The man stood paralyzed in the center of the circle by a minor charm. I inscribed the last symbol and the circle closed. He deserved worse than what I was about to do to him I reminded myself. With a heavy sigh, I took another step down that familiar paved road.
I began by drawing the man’s breath out of his lungs and sealing it in the first jar. His mouth flapped open and closed as he tried in vain to take in air. Next, I pulled the water, just the water, from his body. Blood dried in his veins, organs shriveled in his torso, skin contracted around tough, dry muscle. The water flowed through the circle into jars; as each one filled, its lid snapped shut and sealed. The husk of a man stood in the circle just beginning to collapse when I sundered him into a fine dust. This I let fall to the floor. The man’s spirit hovered anxiously over what had been its body only seconds before. A moment passed before it spoke.
“Am I dead?” it asked.
“Yes.” It darted towards me and stopped suddenly at the edge of the circle.
“I can’t reach you.”
“No,” I said plainly.
“Why did you do this?” It flung itself back and forth across the circle looking for a way out. The dust pile shifted and spread from its movements.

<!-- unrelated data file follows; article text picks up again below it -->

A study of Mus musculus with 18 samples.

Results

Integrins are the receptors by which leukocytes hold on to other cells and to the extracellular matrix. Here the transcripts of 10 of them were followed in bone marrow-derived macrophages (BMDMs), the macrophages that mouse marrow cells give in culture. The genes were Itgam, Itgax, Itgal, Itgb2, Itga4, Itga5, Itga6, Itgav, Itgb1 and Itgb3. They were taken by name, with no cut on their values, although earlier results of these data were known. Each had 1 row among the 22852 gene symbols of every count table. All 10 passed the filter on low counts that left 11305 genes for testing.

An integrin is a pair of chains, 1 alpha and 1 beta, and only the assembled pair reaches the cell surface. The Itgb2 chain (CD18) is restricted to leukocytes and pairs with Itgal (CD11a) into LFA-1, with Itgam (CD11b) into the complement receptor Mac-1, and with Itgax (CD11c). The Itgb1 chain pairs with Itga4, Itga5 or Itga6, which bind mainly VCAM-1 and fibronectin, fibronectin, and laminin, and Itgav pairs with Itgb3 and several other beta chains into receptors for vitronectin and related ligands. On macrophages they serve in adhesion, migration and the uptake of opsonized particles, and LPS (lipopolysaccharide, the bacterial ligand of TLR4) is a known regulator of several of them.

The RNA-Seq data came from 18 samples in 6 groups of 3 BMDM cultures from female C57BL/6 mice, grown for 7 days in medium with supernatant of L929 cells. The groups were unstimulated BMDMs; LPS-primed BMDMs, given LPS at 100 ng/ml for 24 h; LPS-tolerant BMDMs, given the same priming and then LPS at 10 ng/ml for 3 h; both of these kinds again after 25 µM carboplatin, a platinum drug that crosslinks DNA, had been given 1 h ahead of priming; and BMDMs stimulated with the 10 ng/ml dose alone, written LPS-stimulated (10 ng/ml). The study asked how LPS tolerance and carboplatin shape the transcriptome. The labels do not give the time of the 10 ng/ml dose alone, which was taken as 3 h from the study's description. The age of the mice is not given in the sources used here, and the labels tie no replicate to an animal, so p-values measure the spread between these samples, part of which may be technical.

“I was paid. Five hundred gold for the breath of a man. Seven hundred for the waters of a man.” It pressed against the point closest to me.
“Why me?” it wailed.
“You were cheap. For only two hundred gold I bought you from the executioner. You only had one more night left in any event.”
“I was a criminal?”
“Yes.” I paused and began to explain. “Death, even from losing one’s head, is slower than what I did to you. The longer a spirit clings to a dying body the more of the person stays with it. You are nearly pure spirit with only the bare traces of humanity in you. When I release you, you will be free to do as you will. Harm me and I will dispel your energies.”
“Why leave me like this?”
“The flesh is weak against desires and willing to compromise the spirit’s morals. Now you are nothing but spirit with a chance to be something other than human. It’s a small kindness to balance the evils I’ve done.”
I scuffed my foot across the circle, breaking it and freeing the spirit. It moved to hover near me. A spectral hand reached into my head. It was inexperienced at robbing a person’s mind, searching through my childhood for information on who it had been in life. I guided it to three days ago when the executioner had recounted the man’s crimes for several minutes in graphic detail. The spirit recoiled.
“But what about the evil I’ve done?” it asked.
“It’s up to you to balance that debt or not,” I said and began packing the sealed jars in a crate. The spirit floated over the loose pile of dust and began to gather it.